Why You Still Have to Love Magazines

By Jack Limpert

I always liked Sports Illustrated but when working full-time as an editor I read five newspapers every morning and lots of magazines and for no good reason drifted away from SI. The other magazines relentlessly arrived and often piled up faster than I could read them (all those important-looking issues of the Atlantic, Business Week, and Wired that never got opened). Plus there was all that fast-breaking stuff to look at on the web and I got a lot of sports coverage in the papers and I didn’t need another weekly magazine and SI wasn’t all that cheap. ($39 a year vs. Esquire at $5 a year).

A few months back, now semi-retired and getting fewer newspapers and magazines for work, I again subscribed to Sports Illustrated. Reading the current issue, mostly about college basketball and March Madness, it hit me: Sports Illustrated has better writing and photography than any other magazine out there.

They do lively covers, they do a good job with the short stuff as well as the long pieces, their photography always has been great. They’re savvy about finding interesting happenings and changes in sports and then creating the story around people. At the Washingtonian, someone once said an issue seemed to have too many people stories. My answer was that you never have too many people stories. Why do you think People magazine gets $100 a year for 52 issues?

And the writing in Sports Illustrated? It’s as good as it gets in magazines.

Tim Layden on Victor Oladipo: “Indiana’s late-blooming forward could change the tides of March.”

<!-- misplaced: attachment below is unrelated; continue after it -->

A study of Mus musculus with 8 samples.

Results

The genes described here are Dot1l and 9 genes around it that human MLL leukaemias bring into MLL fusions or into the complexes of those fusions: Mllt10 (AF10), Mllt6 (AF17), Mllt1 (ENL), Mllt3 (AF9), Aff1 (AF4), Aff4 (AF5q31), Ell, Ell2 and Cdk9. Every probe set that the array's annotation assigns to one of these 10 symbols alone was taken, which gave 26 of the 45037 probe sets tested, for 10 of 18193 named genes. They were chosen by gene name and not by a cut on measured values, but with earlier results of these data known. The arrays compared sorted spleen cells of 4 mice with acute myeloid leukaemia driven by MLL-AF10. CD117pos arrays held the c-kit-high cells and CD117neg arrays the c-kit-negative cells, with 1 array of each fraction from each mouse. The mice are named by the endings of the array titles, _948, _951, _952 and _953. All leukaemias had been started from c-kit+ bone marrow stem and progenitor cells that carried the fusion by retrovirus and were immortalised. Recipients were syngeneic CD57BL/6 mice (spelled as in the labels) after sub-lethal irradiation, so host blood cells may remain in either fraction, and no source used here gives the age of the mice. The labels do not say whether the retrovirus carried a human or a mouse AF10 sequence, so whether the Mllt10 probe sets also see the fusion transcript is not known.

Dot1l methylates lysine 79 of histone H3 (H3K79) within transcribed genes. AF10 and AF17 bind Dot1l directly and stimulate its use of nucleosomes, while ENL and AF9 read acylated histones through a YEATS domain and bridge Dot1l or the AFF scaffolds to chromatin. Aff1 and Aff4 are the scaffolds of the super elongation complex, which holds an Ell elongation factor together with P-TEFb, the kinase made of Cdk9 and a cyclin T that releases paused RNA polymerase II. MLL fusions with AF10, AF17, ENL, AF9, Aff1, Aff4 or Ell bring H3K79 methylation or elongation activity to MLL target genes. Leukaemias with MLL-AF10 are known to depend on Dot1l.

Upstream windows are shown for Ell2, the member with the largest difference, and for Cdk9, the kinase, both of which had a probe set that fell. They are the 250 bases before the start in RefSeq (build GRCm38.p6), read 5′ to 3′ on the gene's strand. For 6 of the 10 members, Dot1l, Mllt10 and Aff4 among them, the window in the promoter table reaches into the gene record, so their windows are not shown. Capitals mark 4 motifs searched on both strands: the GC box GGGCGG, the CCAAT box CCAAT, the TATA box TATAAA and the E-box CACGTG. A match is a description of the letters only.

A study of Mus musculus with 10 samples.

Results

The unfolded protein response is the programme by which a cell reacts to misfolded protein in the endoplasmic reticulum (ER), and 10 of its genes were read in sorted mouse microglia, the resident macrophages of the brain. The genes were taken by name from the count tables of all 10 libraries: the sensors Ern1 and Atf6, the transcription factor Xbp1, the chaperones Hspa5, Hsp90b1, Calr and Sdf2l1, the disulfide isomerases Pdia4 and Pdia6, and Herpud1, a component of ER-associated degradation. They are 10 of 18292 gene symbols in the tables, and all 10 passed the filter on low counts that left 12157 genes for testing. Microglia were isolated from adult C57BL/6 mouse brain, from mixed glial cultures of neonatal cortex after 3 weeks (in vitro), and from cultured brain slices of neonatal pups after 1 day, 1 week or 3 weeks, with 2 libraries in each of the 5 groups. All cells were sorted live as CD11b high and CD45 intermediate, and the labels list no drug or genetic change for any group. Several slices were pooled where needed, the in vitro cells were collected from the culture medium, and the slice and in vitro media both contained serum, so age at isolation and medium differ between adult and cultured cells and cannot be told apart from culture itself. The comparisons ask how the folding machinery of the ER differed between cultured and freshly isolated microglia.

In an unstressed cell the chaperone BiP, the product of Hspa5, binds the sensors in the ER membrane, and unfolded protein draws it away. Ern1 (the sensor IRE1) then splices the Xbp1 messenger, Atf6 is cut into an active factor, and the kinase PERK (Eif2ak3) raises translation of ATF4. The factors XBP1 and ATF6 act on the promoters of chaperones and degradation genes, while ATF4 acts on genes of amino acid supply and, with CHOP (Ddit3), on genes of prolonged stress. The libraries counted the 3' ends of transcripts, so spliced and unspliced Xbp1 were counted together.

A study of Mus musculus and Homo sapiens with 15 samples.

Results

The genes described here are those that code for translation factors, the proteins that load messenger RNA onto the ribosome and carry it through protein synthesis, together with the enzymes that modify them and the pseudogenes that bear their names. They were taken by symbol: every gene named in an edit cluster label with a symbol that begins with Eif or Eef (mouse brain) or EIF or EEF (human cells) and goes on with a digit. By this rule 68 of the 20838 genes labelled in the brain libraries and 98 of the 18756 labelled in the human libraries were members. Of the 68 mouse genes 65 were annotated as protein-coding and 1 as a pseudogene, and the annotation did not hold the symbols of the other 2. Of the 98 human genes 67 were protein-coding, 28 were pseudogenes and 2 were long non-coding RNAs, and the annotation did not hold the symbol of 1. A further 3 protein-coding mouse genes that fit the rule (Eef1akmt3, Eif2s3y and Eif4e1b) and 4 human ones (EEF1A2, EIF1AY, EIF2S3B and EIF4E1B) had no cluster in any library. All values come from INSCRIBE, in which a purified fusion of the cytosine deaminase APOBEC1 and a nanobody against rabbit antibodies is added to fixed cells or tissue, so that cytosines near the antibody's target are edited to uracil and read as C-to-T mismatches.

Seth Davis on Ted Valentine: “The most notorious referee also works the biggest games. Why?”

L. Jon Wertheim on Benny Anders: “The author goes in search of the former Phi Slamma Jamma star.”

All great feature pieces about people but you also learn a lot about college sports and the trials of being too flamboyant but a very good referee and the sadness that can come for an athlete when the cheering stops.

When I was young, an old magazine editor told me that lots of the best feature writers started out as sportswriters. He said they became good magazine writers and book authors because they learned how to write about people and atmosphere and winning and losing.

It’s good to again read Sports Illustrated and be reminded how good a magazine can be.


  1. I have to say, our sports editor, Tom Didato, is one of the best feature writers I’ve seen anywhere. He doesn’t write them very often for the front page but when he does — watch out! — they are great.

  2. Enjoyed your post Jack. As a longtime sportsfan, I too see similarities in the sports world and my industry of campaigns. Growing up as a lad interested in sports has definitely informed my practice of politics.

  3. I heard someone say, “There’s book smart, street smart–and magazine smart.” I think this was referring to the low-fo voter, but I loved it. I am magazine smart–one time, my sister got Texas Monthly coming in for some reason–we knew no one in Texas. The writing was so good, though, I read it cover to cover…then it stopped coming as weirdly as it had materialized. I am legally blind now but can get along with a strong magnifier for short periods–and still read mags. I dunno, there is just something about them.